Two words: Group. Interviews.
Being the only introvert in a room of five other people — most of whom are outspoken — and vying for a spot on a competitive team is my idea of a nightmare. The first group interview I ever did was my sophomore year of high school when I applied to become a “SIB.” If you ask me to recall what exactly those three letters stood for, I cannot tell you. But what I can tell you is that it was an opportunity for me to gain leadership opportunities and help freshman become acclimated to the school. Now, I tend to think of myself as a fairly high-functioning introvert socially, but I bombed this interview. Not in the way of wishing it had gone better, not in the way of maybe I can salvage this, but in the walking away with a pit in my stomach and a clenching in my chest kind of way.
For those of you who are lucky enough to have never been through a group interview, let me explain what they are: Group interviews usually involve multiple candidates that are all asked a question at the same time. The candidates then each answer the question before a new one is thrown out and the process repeats. It’s meant to help interviewers save time and get through more people. But the downside is that it puts introverts at a severe disadvantage. So, to help any introverts in the same position, I thought I’d share some ways I failed in my group interview and what I could have done differently. After all, introverts have to look out for each other:
1. I allowed myself to be drowned out by the other candidates. The interview took a first come, first serve approach. A question would be tossed out and my fellow peers and I had to answer it in whatever order we pleased. This was definitely not something that played to my strengths as an introvert. I prefer to answer questions in a written format, I need time to think of answers, and I am atrociously horrible at speaking up when I am afraid of talking over someone. So what did I do? I waited until everyone else had answered the question, then I meekly suggested my own thoughts.
This caused two problems. First, in the time it took everyone else to answer, I had convinced myself that I would mess up my own response. Second, it made me look like I couldn’t take initiative, which for obvious reasons, did not go over well in an interview for a leadership position.
What should I have done differently? The first amendment I would make would be to not answer the question dead last but instead to strive for the middle of the pack. This would have given me time to think through my answer fully, as well as to formulate a solid verbal strategy that would complement my peers’ answers. Most importantly, it would show that I could, indeed, stand out from the crowd.
If you’re an introvert like me who struggles to break into a group conversation, here are some tips. First, look for a natural pause after someone has spoken and take that opportunity to fill the silence. If the conversation is faced-paced and there aren’t any pauses, you’ll have to be more aggressive. Try raising your voice a little to signal that you want to speak. Then, address the answer the previous person gave to show that you were listening and to smoothly transition into your own answer. Another thing you could do is make eye contact with the person who is currently speaking; when they finish, raise your hand to allow them to call on you, giving you the floor.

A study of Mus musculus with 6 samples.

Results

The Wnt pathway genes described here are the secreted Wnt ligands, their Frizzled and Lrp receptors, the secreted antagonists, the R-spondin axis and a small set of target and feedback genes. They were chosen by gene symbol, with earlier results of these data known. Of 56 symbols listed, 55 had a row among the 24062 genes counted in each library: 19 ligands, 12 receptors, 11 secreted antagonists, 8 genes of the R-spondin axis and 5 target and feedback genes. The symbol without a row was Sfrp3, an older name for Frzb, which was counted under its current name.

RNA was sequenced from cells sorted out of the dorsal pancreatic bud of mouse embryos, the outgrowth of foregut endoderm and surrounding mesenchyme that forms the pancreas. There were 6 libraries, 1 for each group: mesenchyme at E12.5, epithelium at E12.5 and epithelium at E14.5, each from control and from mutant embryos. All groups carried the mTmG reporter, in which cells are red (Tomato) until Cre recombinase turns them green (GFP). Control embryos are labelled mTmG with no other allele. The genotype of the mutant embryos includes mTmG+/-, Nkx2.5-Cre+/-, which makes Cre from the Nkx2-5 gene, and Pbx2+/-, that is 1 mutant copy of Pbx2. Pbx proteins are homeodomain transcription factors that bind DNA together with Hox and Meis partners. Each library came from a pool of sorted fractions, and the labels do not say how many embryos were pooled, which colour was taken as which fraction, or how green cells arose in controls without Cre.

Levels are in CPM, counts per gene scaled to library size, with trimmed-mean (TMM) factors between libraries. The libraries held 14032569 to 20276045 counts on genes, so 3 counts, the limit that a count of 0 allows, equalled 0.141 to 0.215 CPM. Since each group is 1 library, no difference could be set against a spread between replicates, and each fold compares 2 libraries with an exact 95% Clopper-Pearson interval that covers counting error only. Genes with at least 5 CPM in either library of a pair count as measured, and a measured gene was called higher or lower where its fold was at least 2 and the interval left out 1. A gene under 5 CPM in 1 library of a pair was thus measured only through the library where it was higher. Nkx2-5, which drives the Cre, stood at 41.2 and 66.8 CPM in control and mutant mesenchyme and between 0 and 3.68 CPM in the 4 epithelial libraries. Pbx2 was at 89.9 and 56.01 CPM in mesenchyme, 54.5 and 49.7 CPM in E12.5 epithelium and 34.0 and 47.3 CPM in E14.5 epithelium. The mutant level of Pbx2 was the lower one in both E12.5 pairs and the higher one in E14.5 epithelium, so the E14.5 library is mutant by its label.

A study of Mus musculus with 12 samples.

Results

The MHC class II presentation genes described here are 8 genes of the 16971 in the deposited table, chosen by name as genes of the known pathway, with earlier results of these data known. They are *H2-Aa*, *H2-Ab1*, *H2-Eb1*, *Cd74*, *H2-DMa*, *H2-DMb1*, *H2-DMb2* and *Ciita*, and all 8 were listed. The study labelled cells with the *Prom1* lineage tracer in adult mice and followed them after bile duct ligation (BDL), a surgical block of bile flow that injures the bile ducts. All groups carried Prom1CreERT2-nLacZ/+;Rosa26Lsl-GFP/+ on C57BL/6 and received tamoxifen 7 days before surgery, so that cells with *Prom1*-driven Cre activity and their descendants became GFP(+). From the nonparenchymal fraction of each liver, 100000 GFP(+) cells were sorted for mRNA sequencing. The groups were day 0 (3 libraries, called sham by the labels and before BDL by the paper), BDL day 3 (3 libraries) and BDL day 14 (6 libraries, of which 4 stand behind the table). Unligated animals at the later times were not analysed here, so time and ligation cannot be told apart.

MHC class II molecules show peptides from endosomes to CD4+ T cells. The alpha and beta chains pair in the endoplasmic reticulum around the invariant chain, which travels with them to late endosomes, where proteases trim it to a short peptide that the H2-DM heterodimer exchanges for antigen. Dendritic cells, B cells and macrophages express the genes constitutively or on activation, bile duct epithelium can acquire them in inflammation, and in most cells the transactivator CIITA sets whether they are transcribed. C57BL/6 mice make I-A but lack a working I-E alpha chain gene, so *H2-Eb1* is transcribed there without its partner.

2. I doubted my abilities. Yes, I am an introvert and an INFJ personality type. (Don’t know your personality type? We recommend this free personality test.) Yes, I tend to be quiet, but I am a very good leader. My introversion reminds me that some people in a group may not speak up because they feel uncomfortable with so many people around, and that one-on-one sessions are something nice to offer. My empathy reminds me to make sure everyone’s voice is heard. My need to plan helps keep my team on track. But during the group interview, I forgot all these strengths. Instead, I focused on the fact that I was marching into a group interview where I knew my voice would not be heard. Instead of taking it as a challenge, I let my doubt make me hopeless — and that is something I regret deeply. To fix that, I should have tried to remain confident and referenced my unique strengths when I gave answers.
3. I didn’t interact with the other candidates. There was a certain kind of social energy that the interviewers were trying to judge, and my wallflower routine did not put me in the best light. I hate small talk — I think it’s boring, and I don’t like to utilize it for long. But there were periods when I could have avoided it and gotten to know the other candidates if I had just opened with something profound. I could have asked them what they wanted to do in the future, what drove them to apply to become a SIB, and why they wanted to help incoming freshman. These topics are more personal and could have led to a fascinating, meaningful conversation. At the same time, it would have helped me become more comfortable, which could have helped prevent my other problems.
At this point, there is nothing I can do to go back and change my mistakes. Nor can I get that position I so deeply wanted. But the experience did give me the first glimpse into how to showcase my strengths as an introvert in a professional setting. And that has helped me so much more. Group interviews are intimidating but there is a way introverts can hack it.